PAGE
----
NASA administrator Bridenstine announced that commercial rockets (e.g., Delta Heavy and Falcon Heavy) would be considered as ways to launch EM-1 by July, 2020.

Such a move would reportedly require a mission architecture where the Orion & service module is launched separately from the departure stage. Four new pieces of development work would need to be done, tested and integrated for that to happen:

  1. Adapting the service module to one launch vehicle, and associated software changes.
  2. Adapting the departure stage to a second launch vehicle, with some sort of ejectable fairing, and associated software changes.
  3. On-orbit rendezvous of the two un-manned vehicles and placement for mating to occur.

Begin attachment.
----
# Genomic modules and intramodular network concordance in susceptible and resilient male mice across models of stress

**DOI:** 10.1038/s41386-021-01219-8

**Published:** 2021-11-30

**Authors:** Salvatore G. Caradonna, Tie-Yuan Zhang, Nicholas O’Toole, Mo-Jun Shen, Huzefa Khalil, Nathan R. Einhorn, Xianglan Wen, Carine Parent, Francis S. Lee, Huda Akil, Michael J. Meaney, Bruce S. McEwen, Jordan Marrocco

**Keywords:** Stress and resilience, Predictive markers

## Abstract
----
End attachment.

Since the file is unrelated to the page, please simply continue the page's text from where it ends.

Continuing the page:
4. On-orbit mating of the service module and departure stage with a mechanism through which the departure stage can push Orion on its way.

My question is: With the vehicles and engineering resources likely be available, and reuse of existing solutions where available, how surmountable are the technical risks of these four things in the time frame being discussed?

This question is more about engineering than production and logistics – though information on how feasible it is to produce and launch two Delta Heavy or Falcon Heavy vehicles back-to-back might constrain what solutions are even worth thinking about.

  • 1
    $\begingroup$ This post addresses somewhat the ability of heavy lift boosters to launch Orion, but not from the perspective of EM-1 (un-manned) and rapidly producing a multi-launch architecture using Delta, Falcon, or both: space.stackexchange.com/questions/5190/… $\endgroup$ – lionel Mar 14 '19 at 19:52

Your Answer

By clicking “Post Your Answer”, you agree to our terms of service, privacy policy and cookie policy

Browse other questions tagged or ask your own question.